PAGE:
The House approved a resolution on a late Tuesday night to encourage Vice President Mike Pence to use the 25th Amendment to remove President Donald Trump from office before his term ends on Jan. 20, a largely symbolic gesture that precedes a vote on impeachment Wednesday.
Pence said earlier Tuesday evening that he will not heed these calls.
Then, on Wednesday morning, House Democrats are planning to take up an article of impeachment against Trump for "incitement of insurrection" in urging his supporters to march on the Capitol last week.
The planned votes come as the FBI sent a warning to law enforcement agencies across the country about possible armed protests at all 50 state Capitols starting Saturday as well the threat of an uprising in Washington that day if Congress removes Trump.
This live coverage has ended. Continue reading news on the response to the Capitol riot from Wednesday, Jan. 13, 2021.
Read the highlights:
— At least five Republican House members have said they will vote to impeach Trump.
— Pence said Tuesday evening in a letter to House Speaker Nancy Pelosi, D-Calif., that he does not believe invoking the 25th Amendment "is in the best interest of our nation or consistent with our Constitution."
— Trump enters final week as president with few allies, no Twitter and an impeachment effort.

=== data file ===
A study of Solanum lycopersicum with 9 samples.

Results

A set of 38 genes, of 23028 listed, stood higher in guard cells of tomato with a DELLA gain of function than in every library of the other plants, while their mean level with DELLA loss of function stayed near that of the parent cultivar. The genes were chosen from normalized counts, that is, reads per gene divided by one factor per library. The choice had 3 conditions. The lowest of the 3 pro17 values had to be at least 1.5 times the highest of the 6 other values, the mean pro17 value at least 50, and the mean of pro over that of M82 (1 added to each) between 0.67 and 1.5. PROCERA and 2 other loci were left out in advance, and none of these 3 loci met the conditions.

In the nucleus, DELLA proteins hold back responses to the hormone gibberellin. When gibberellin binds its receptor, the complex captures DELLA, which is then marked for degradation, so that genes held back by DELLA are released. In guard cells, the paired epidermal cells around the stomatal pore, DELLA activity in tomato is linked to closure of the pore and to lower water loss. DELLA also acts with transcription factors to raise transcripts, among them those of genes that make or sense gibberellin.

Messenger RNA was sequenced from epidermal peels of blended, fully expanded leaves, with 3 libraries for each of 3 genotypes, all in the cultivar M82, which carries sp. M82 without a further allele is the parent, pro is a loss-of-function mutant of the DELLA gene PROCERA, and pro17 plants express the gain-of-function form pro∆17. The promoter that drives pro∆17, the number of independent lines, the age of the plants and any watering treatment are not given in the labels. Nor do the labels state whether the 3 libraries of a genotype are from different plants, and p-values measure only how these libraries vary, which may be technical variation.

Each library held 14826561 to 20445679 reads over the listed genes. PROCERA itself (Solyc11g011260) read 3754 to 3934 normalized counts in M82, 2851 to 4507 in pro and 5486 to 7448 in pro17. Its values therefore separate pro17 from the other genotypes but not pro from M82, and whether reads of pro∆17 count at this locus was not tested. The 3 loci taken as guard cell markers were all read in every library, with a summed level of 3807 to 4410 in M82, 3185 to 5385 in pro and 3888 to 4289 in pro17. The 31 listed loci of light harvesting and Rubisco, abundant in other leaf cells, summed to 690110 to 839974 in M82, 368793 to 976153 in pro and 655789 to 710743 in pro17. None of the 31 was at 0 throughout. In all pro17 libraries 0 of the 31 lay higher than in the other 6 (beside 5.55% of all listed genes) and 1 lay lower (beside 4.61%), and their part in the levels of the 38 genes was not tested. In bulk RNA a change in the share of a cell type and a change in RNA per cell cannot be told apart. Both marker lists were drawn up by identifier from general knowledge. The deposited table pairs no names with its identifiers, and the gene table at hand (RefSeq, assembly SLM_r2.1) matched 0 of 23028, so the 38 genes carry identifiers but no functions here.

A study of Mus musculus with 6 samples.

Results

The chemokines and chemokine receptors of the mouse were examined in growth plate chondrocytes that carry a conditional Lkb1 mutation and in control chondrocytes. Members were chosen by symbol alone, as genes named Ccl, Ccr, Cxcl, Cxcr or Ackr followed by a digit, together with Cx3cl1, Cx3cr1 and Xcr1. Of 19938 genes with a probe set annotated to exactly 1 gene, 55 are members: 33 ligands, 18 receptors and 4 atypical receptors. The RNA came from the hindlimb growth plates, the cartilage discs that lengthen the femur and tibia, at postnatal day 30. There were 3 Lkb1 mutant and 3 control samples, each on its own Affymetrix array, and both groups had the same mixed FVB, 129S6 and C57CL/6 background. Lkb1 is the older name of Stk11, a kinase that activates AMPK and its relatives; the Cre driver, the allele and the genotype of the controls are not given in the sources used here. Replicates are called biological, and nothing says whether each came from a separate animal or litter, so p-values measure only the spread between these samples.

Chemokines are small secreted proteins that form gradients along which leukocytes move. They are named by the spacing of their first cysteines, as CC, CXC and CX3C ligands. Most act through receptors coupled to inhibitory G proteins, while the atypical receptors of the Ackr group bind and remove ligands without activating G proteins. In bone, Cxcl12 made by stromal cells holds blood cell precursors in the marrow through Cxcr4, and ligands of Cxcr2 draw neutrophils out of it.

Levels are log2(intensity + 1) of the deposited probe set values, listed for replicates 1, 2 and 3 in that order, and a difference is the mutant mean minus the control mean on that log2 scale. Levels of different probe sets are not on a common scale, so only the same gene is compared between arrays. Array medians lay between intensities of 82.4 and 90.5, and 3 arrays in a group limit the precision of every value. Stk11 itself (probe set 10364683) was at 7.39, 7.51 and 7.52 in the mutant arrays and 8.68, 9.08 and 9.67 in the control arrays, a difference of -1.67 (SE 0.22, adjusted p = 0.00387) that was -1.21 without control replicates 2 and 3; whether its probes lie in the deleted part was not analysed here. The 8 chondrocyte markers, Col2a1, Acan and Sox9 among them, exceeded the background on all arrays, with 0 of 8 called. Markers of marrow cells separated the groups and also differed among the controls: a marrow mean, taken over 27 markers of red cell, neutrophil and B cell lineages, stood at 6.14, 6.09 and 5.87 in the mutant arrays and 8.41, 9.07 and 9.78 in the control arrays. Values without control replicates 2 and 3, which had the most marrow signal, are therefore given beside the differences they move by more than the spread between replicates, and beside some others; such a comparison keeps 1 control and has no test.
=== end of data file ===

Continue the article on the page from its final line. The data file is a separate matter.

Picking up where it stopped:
— What we know about the people arrested after the Capitol riots.
— After Capitol violence, Trump brand partners eye dumping toxic asset: the president.
FBI has received more than 70,000 tips after Capitol riot
The FBI on Monday said it has received more than 70,000 tips and other information as it seeks to arrest those who took part in a pro-Trump riot at the U.S. Capitol last week.
The 70,000 tips include, photos and video, the FBI said.
In addition to the violence at the Capitol, two pipe bombs were left at the Republican National Committee and the Democratic National Committee headquarters, which is nearby. They did not explode. The FBI released more photos Monday seeking to find those responsible.
More than 90 arrests of people allegedly connected to Wednesday's events in the capital had been made as of Sunday, according to NBC News' count.
Twitter has suspended 70,000 accounts since riot
Twitter has suspended more than 70,000 accounts since Friday in the wake of the deadly riots by a pro-Trump mob at the U.S. Capitol, the social media company said Monday.
The company said many of the people who had accounts suspended had multiple accounts, which drove up the numbers.
"These accounts were engaged in sharing harmful QAnon-associated content at scale and were primarily dedicated to the propagation of this conspiracy theory across the service," Twitter said in Monday's statement.
Twitter last week permanently suspended President Donald Trump's Twitter account after it said he used language that was "being interpreted as support for those committing violent acts at the US Capitol" and other issues. Five people died as a result of the violence at the Capitol, including a Capitol Police officer.